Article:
I’ve mostly lost track of how many times we’ve seen liberal activists pushing for fossil fuel divestment. They’ve gone after everything from university endowments to state and federal pension funds to private companies’ investment portfolios. And in virtually every instance, the bean counters in charge of these funds have kicked them to the curb because such a move would be economic suicide. That hasn’t slowed the roll of the activists, however. Most recently they’ve been going after the retirement pension funds of Colorado and New York. Liberal politicians, fearful of losing the base, have dutifully promised to “look into the matter” and take their complaints seriously.
Now a new study commissioned by the University of Chicago Law School and other institutes has concluded something truly shocking (not). The proposals are just as disastrous as the ones that came before and would cost the states tens if not hundreds of millions of dollars. (Divestment Facts)
A new study by Prof. Daniel Fischel of the University of Chicago Law School and co-authors Christopher Fiore and Todd Kendall of economic consulting firm Compass Lexecon finds that both the Colorado Public Employees’ Retirement Association (PERA) and the New York State Common Retirement Fund stand to lose millions every year if they were to fully divest from fossil fuels.
In response to increased pressure on Colorado and New York politicians to support divestment, the report—which follows up on their earlier study of pensions in other states—examines the potential impact of a narrow divestment policy that includes oil, natural gas and coal, as well as a broad policy that also includes utility stocks, to determine the financial implications of such an investment strategy. To do so, Prof. Fischel and his team used all available data on current holdings to calculate returns on those holdings over the past 50 years. This data was compared to an otherwise identical risk-adjusted portfolio absent of fossil fuel-related stocks.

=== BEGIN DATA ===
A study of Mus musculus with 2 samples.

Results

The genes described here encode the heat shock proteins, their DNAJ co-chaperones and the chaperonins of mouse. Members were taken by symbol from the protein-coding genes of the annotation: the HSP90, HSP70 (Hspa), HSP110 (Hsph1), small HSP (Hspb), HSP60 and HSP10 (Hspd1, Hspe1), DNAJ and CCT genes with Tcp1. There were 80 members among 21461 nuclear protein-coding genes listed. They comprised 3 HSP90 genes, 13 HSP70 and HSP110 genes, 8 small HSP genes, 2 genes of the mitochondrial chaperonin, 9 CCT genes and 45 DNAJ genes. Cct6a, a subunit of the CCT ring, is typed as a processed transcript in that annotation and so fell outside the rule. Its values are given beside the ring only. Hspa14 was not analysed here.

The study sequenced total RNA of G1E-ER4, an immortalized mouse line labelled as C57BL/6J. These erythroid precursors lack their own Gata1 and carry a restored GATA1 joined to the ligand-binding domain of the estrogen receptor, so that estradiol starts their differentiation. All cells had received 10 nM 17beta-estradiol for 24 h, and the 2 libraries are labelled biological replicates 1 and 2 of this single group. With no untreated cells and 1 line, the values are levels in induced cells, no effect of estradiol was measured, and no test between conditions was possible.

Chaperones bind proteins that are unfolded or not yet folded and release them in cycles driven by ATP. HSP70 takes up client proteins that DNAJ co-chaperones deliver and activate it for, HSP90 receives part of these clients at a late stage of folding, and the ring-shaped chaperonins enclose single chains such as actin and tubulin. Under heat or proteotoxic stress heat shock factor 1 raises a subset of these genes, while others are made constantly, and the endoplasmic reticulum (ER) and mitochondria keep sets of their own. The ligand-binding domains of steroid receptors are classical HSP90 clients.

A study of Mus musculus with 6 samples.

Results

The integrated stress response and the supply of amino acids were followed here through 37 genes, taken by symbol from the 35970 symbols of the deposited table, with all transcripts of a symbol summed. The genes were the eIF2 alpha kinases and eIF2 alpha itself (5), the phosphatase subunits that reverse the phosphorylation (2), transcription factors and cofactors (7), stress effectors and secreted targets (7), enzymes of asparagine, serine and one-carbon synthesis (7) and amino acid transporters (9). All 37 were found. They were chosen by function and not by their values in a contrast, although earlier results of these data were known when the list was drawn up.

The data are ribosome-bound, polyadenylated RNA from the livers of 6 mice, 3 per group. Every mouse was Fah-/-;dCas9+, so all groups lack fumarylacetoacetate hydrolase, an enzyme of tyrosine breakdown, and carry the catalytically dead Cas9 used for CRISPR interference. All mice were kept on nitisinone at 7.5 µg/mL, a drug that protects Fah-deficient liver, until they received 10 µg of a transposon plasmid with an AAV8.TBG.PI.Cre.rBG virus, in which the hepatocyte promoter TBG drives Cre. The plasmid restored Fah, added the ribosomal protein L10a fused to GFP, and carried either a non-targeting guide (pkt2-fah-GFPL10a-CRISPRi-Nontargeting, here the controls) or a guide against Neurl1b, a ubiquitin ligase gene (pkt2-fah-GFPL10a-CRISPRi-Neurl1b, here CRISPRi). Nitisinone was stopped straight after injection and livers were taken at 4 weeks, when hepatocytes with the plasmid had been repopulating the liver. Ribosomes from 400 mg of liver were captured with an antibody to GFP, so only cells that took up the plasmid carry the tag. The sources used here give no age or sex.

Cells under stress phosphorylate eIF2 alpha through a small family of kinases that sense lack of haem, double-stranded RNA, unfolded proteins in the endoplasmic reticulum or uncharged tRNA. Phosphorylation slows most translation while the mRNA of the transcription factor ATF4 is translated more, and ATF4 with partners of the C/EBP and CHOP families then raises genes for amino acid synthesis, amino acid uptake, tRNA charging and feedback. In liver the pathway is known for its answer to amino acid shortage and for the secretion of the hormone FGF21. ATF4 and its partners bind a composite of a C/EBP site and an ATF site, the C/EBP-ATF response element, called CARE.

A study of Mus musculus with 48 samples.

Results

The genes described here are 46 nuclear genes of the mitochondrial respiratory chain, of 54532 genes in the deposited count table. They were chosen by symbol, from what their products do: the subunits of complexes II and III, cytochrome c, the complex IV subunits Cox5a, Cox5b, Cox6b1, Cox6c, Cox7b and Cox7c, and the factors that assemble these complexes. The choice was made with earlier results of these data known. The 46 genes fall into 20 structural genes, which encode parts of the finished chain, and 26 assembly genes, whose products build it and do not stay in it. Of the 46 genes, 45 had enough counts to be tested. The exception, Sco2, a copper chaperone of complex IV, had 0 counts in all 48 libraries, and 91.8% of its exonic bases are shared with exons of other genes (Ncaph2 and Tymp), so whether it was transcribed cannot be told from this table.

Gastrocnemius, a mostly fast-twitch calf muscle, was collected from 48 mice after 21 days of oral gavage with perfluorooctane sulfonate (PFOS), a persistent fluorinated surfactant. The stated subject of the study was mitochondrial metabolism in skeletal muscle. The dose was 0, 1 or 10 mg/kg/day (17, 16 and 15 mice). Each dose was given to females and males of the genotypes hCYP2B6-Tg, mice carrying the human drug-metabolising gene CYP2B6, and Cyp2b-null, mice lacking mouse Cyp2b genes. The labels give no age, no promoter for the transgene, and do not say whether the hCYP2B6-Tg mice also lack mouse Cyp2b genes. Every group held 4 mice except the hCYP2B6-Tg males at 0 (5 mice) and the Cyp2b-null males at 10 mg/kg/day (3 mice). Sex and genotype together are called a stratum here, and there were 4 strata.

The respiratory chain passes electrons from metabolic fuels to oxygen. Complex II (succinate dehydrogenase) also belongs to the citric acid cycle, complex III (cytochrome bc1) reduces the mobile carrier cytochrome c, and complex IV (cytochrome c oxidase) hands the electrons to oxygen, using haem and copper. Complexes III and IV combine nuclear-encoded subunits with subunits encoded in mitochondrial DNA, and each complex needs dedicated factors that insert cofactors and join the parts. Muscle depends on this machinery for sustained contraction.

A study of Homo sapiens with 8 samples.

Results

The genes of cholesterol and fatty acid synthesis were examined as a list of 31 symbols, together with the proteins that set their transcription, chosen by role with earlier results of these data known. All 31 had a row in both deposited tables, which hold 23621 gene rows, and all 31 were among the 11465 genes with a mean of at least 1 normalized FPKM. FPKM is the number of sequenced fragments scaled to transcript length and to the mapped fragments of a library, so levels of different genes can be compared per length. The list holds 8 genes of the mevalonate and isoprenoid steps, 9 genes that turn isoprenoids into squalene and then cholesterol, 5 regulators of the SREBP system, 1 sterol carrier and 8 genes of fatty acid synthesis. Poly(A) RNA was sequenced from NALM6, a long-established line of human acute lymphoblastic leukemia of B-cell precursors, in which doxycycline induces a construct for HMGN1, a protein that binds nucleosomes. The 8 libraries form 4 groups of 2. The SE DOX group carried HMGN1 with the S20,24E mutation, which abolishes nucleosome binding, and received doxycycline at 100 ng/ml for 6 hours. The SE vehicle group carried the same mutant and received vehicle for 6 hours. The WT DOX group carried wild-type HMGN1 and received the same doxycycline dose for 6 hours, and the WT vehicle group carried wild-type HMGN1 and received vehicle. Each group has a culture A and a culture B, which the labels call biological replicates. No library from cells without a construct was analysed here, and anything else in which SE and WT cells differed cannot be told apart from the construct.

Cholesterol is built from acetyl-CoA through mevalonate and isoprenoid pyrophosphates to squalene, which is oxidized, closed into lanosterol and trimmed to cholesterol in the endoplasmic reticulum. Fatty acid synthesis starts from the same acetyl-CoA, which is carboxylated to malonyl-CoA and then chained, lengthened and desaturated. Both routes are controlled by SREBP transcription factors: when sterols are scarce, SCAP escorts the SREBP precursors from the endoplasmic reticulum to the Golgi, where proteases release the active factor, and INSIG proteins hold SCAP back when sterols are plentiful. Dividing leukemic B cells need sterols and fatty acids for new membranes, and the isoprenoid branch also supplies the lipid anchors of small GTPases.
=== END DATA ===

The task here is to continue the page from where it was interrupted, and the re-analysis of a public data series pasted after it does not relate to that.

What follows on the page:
Here’s a hot tip for you. New York State can’t take a massive hit to their pension funds. They’ve got one of the most rapidly upward spiraling pension debts in the nation with the near-term, unfunded pension liability currently estimated to be as high as $142B dollars. (That’s “billion.”) Colorado isn’t doing much better, though with a significantly smaller population their gross unfunded liability is smaller.
And how bad would the hit to their bottom line be? The study examined both “narrow” and “broad” divestment strategies, with the difference being how many different fossil fuel interests would be purged from their portfolios. New York would expect to lose between $136 million for narrow divestment to $198 million under broad divestment every year they stuck with the policy. Colorado’s smaller pension fund would take a more modest loss of between $36 million and $50 million per year. Does it sound like either of these pension systems can absorb that much red ink?
Voters in both of these states, particularly those who are retired or planning for their retirement, should take a hard look at who is in charge of the henhouse and who they are looking to for policy advice on this matter. If they want to continue toying with the idea of divesting from fossil fuels and wind up unable to cover your retirement checks when you finally need them, perhaps you need smarter people making these decisions.